August 31, 2009

Officials from the United Nations met on Monday to discuss setting up a worldwide weather surveillance system that would see all nations receiving earlier and more accurate warnings about hurricanes, droughts and floods, the Associated Press reported.

The weeklong meeting in Geneva attracted around 1,500 officials, diplomats and scientists interested in helping the world better adapt to climate change. Some 15 heads of state, including those from Cameroon, Ethiopia, Mozambique, Slovenia, Tajikistan and Togo, as well as 80 ministers will meet for this week’s meeting.

The World Climate Conference is aimed at assisting developing countries in generating better data on their own climate issues and sharing that information with other countries.

A U.S. delegation will also be highlighting President Barack Obama’s new administration commitment to combating climate change.

Swiss President Hans-Rudolf Merz, the host of the meeting, said the costs for adapting to climate change would run to several tens of billions of U.S. dollars every year, with more than half of the expenditure being required in developing countries. Switzerland donated $1.7 million to the conference.

Merz said better weather forecasts and hazard maps could also prevent deaths and reduce the extent of the damage.

“We all want our societies to be able to withstand the consequences of climate change. Scientists and experts will have to provide the information that makes this possible,” he said.

World officials will also attempt to agree upon “Global Framework for Climate Services” to ensure that early warnings for tsunamis and hurricanes reach everyone.

They’re goal is that even farmers in remote African regions will be alerted to upcoming droughts and floods.

“Decision-makers need reliable information about the current and projected impacts of climate change, but many countries lack basic information about their own climates,” said Jane Lubchenco, administrator of the U.S. National Oceanic and Atmospheric Administration.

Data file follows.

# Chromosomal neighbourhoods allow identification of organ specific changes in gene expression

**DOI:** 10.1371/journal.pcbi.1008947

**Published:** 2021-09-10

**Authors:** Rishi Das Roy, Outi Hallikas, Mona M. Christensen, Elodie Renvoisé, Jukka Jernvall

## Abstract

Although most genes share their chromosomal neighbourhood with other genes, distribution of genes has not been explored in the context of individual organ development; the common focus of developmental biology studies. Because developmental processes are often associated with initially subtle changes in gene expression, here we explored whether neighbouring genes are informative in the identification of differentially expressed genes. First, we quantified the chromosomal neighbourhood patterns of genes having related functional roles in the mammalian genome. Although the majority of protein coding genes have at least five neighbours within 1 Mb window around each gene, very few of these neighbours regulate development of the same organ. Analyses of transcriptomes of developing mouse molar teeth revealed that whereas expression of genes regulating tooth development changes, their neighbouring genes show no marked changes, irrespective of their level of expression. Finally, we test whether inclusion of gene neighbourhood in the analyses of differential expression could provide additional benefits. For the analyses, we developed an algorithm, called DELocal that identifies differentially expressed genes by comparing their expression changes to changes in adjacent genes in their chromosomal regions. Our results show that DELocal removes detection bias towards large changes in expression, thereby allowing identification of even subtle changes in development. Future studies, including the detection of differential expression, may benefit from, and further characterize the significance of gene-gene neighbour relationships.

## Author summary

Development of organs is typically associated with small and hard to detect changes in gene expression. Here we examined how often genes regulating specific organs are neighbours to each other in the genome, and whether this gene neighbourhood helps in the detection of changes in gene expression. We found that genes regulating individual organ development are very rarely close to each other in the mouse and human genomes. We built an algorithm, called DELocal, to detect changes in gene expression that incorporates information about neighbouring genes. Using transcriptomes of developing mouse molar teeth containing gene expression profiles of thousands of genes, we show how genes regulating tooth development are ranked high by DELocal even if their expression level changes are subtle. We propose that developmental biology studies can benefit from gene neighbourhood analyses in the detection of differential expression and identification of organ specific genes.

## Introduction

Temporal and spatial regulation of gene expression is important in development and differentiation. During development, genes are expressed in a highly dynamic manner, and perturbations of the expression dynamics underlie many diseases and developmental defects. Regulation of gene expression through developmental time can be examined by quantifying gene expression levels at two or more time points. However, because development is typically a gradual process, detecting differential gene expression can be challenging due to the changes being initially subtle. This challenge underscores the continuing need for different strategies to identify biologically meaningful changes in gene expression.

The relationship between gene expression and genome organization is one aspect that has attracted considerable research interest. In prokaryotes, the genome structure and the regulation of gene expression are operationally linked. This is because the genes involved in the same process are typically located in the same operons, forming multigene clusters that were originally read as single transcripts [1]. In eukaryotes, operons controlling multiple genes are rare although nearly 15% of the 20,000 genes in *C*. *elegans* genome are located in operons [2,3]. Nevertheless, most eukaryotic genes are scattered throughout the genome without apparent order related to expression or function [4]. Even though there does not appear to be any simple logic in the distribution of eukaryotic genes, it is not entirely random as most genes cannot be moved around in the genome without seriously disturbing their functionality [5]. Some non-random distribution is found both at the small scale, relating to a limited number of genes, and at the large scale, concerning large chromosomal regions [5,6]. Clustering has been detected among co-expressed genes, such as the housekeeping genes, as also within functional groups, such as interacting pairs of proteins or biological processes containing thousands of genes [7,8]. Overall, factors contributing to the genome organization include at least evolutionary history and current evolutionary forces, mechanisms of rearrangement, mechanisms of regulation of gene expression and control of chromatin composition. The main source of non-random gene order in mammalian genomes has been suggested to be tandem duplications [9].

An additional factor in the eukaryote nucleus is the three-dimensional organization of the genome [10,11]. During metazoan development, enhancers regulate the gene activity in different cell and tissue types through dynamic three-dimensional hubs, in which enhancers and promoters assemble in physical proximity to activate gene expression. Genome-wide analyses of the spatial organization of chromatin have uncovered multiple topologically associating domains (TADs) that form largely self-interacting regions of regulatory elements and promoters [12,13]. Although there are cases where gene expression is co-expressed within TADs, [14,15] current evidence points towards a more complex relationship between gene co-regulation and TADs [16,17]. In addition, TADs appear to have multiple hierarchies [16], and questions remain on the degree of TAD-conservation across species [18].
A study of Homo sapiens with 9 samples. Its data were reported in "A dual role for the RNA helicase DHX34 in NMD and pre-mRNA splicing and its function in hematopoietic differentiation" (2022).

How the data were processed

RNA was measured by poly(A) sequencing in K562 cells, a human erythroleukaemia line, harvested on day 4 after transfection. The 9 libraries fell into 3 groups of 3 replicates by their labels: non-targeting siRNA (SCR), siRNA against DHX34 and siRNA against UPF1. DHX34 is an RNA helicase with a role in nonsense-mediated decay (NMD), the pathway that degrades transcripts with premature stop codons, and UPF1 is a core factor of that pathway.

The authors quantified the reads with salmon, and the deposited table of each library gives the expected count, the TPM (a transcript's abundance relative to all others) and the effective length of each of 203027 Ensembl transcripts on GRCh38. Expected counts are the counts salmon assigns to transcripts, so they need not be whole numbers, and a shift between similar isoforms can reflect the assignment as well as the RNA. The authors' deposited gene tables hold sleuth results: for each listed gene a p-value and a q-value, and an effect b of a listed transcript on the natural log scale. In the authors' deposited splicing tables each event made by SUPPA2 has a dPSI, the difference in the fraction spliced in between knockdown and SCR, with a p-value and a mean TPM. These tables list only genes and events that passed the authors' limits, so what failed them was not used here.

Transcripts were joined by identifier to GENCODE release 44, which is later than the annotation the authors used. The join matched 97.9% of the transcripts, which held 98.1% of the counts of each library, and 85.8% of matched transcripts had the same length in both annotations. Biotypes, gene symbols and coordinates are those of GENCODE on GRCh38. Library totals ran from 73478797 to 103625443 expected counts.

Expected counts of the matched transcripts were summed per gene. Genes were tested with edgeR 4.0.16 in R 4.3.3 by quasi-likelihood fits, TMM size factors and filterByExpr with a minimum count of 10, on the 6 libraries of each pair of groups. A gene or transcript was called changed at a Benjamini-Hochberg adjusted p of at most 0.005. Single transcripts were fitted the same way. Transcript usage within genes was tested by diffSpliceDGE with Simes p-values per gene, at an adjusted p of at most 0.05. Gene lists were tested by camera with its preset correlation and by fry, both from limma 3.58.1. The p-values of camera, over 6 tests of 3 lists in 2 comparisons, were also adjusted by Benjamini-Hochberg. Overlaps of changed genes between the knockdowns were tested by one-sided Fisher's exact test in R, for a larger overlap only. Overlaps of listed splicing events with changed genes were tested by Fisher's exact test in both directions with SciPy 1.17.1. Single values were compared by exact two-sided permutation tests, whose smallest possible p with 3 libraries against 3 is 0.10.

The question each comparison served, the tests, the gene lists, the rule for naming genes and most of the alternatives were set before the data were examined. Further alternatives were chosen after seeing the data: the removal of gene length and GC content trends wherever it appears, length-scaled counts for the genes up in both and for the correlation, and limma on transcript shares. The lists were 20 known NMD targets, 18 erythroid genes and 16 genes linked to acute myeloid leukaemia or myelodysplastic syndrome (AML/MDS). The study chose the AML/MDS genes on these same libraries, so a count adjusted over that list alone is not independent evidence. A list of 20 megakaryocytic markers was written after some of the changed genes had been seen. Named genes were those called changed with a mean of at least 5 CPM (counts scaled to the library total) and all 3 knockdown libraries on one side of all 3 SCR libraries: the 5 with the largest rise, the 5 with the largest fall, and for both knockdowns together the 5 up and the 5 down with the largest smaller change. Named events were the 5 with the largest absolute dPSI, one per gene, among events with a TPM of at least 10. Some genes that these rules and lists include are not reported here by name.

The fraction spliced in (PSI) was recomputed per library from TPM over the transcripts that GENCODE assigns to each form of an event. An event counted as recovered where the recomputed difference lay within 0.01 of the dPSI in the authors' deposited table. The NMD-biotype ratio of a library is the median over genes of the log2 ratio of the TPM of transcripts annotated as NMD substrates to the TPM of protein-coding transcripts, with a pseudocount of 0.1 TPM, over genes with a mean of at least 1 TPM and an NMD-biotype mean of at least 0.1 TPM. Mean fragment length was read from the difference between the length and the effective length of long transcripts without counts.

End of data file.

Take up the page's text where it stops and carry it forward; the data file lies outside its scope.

Michel Jarraud, head of the U.N.’s World Meteorological Organization, said the way they delivered climate information to some sectors had been ad hoc, until now.

“What we need is a formal system that all people can trust to access vital information that can save their lives and protect property and economies,” he added.

Jarraud said hydrological networks in Africa were totally insufficient and that many water basins were managed without any information about precipitation and the runoff amount of water in the underground water table.

In December, governments across the globe will meet to forge a new accord to replace the 1997 Kyoto Protocol on reducing greenhouse gases blamed for global warming.

The Dec. 7-18 U.N. meeting in Copenhagen, Denmark, will be the time for organizers to reach an agreement on limiting the warming of the Earth’s temperature to 3.6 degrees Fahrenheit above levels 150 years ago.

However, global warming will continue even if Copenhagen is a success, the U.N. noted.

Rising sea levels may prompt some countries to build more dikes, relocate residents from low-lying islands and ensure that health services can cope with spreading diseases such as malaria, according to U.N. officials.

U.N. Secretary-General Ban Ki-moon is to speak Wednesday.